Joan Pinnell's Legacy
More than a decade ago, Joan Pinnell (pronounced Joh-an) made a decision that has changed the lives of scores of people. She started an endowed scholarship at Heritage University. Joan’s gifts have since paved the way for a generation of nurses, teachers, business leaders, social workers and scientists, with many more to come.
“Education is important,” she said. “My late husband and I had always supported local organizations. At Heritage, I feel like I am part of something that is really helping people. I am so impressed with the results that I see.”
Pinnell established her endowed scholarship fund in 1997 so that she could help students well into the future. An endowed scholarship is one in which the principal gift, as well as future contributions, is placed in a permanent fund that is managed by the university. Scholarships come from income earned on the investment and are awarded to students who match the criteria set by the donor. In the years since her fund was developed, Joan has helped 41 students go to college. Among them are three women, a therapist, a teacher and a scientist, all of whom graduated and are building their careers in the Yakima Valley.
Ruby Aguilar’s (BSW, ‘08) career is one part heartbreaking and two parts inspiring. She is a children’s mental health therapist at Behavioral Health Services, part of the Yakima Valley Farm Worker’s Clinic system of care. Her days are spent in hour blocks of time assessing and treating children who are traumatized or suffer from any number of mental illnesses. She provides individual and family counseling and maintains a full case load of children who range from five to 15 years of age.
“We all want our children to grow up happy and healthy,” she said. “Part of that is helping them to develop healthy coping mechanisms to deal with the challenges that life throws us all. Unfortunately, sometimes our kids are dealing with some pretty serious trauma. The sooner we can work with a child and deal with those issues, the better off he or she will be.”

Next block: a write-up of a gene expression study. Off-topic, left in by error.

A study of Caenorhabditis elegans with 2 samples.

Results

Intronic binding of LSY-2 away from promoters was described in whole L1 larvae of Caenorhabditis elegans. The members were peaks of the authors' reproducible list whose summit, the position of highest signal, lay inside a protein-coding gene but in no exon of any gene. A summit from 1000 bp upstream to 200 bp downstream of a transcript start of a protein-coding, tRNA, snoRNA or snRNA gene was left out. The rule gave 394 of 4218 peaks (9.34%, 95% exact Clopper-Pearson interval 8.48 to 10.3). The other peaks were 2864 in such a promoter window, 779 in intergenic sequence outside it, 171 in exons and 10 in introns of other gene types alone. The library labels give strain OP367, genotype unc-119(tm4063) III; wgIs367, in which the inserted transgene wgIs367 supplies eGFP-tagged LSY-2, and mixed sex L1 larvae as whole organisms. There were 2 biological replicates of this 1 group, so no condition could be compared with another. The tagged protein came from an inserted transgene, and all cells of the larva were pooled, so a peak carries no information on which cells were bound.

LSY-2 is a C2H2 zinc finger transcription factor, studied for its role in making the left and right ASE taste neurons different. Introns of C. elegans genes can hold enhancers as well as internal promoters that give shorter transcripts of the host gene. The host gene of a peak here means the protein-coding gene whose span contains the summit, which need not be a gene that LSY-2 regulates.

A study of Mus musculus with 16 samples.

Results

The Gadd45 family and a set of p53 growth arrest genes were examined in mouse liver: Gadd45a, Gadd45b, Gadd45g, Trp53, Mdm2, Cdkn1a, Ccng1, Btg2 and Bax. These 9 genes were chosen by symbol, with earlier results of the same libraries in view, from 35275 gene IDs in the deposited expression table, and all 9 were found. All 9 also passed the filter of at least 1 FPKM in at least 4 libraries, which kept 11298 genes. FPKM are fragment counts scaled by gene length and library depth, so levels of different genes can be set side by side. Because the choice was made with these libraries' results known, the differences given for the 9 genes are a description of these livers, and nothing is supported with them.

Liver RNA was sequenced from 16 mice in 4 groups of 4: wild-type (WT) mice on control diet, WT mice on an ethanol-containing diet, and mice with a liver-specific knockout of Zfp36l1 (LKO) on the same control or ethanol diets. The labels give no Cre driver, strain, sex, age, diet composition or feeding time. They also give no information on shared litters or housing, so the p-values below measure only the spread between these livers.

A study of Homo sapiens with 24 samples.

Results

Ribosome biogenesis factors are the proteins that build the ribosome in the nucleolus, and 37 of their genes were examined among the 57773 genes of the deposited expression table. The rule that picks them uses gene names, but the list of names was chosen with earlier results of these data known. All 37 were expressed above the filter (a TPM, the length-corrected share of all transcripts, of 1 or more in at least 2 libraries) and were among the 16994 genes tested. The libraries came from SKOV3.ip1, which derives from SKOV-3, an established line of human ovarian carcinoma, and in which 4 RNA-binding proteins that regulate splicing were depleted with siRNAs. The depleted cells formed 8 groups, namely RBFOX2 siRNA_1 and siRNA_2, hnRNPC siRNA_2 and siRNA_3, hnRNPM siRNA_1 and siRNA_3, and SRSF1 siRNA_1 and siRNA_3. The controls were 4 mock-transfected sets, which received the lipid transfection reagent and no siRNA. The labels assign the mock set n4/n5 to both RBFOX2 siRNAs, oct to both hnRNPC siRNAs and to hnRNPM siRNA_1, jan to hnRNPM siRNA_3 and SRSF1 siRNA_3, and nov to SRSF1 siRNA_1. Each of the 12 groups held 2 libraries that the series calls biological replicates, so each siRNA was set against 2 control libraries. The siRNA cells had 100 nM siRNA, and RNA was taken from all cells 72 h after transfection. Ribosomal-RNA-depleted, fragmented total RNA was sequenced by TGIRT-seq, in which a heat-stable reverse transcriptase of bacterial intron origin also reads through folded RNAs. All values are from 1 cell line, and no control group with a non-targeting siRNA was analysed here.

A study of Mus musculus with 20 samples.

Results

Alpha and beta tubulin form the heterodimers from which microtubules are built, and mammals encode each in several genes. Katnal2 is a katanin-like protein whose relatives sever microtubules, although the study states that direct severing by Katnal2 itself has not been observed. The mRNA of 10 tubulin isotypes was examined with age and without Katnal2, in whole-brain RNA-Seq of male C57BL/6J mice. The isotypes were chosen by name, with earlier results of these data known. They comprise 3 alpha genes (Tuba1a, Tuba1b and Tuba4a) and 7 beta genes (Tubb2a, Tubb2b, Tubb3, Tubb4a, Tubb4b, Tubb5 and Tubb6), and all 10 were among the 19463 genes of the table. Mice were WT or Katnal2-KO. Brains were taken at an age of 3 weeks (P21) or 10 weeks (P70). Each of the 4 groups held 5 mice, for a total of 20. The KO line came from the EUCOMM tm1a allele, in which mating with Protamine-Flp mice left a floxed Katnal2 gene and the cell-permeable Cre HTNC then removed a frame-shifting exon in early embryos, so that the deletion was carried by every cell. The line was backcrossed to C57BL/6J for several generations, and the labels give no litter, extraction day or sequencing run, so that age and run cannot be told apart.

In addition to her client work, Aguilar teaches courses on parenting skills through the research-based education program, The Incredible Years. The course is mandatory for parents who are working with the Department of Social and Health Services in order to reunite their families.
As a student at Heritage, Aguilar received the Joan Pinnell Scholarship during her senior year. She went on to earn a Master of Social Work from Eastern Washington University.
“Even after all this time, I still am touched that someone who didn’t even know me would make the kind of investment that Mrs. Pinnell made to help me reach my goals,” she said.
When a doctor orders lab work for a patient at the Yakama Indian Health Clinic, there is a good chance that alumna Veronica Hernandez (BS, ’10) will be the technician doing the testing. Hernandez is one of four medical technologists at the clinic.
“I am so lucky that I have a career where I can use my love for science in a way that helps people live healthier lives,” she said. Medical technologists are the scientists behind the scenes at doctor offices and hospitals. They process patients’ blood, tissue and other fluids, testing for any anomalies. Physicians use the results to diagnose and treat disease.
Hernandez received the Joan Pinnell Scholarship during her last year at Heritage.
“When you receive a scholarship, you feel like you have someone else on your side cheering for you and believing in you,” she said. “I am now in the position where I can be like Mrs. Pinnell and help someone else to reach her dream. That feels good.”
For more than a dozen years, Celia Castilla (B.A., ‘00 and M.Ed., ‘07) has been giving children in the Yakima Valley a solid foundation for a lifetime of academic success. She is a second grade teacher at McKinley Elementary School in the Yakima School District. Class sizes vary by years, but today Castilla has 26 students in her classroom, 30 during the period for reading.
“I love teaching these children,” she said. “This age—seven- and eight-year-olds—they are so eager to come to school. They love learning and really want to be here.”
The impression that Castilla makes on her kids lasts long after they leave second grade. From time to time, her now-grown students drop by to visit and share stories of where they are today. Or, Castilla will run into them someplace in the community, like one young woman from the first elementary school class she ever taught, who went on to graduate from high school and study at a local beauty school.
“It is so rewarding and humbling to know that I really make a difference for these kids,” she said.
Castilla earned both her bachelor’s and master’s degrees at Heritage University. As an undergraduate, she was one of the first students to receive the Joan Pinnell Scholarship.
“I am where I am today because of the support I received from others,” she said. “The encouragement and support of mentors and the scholarships that helped me pay for my education were all vital. I am forever touched by their generosity.”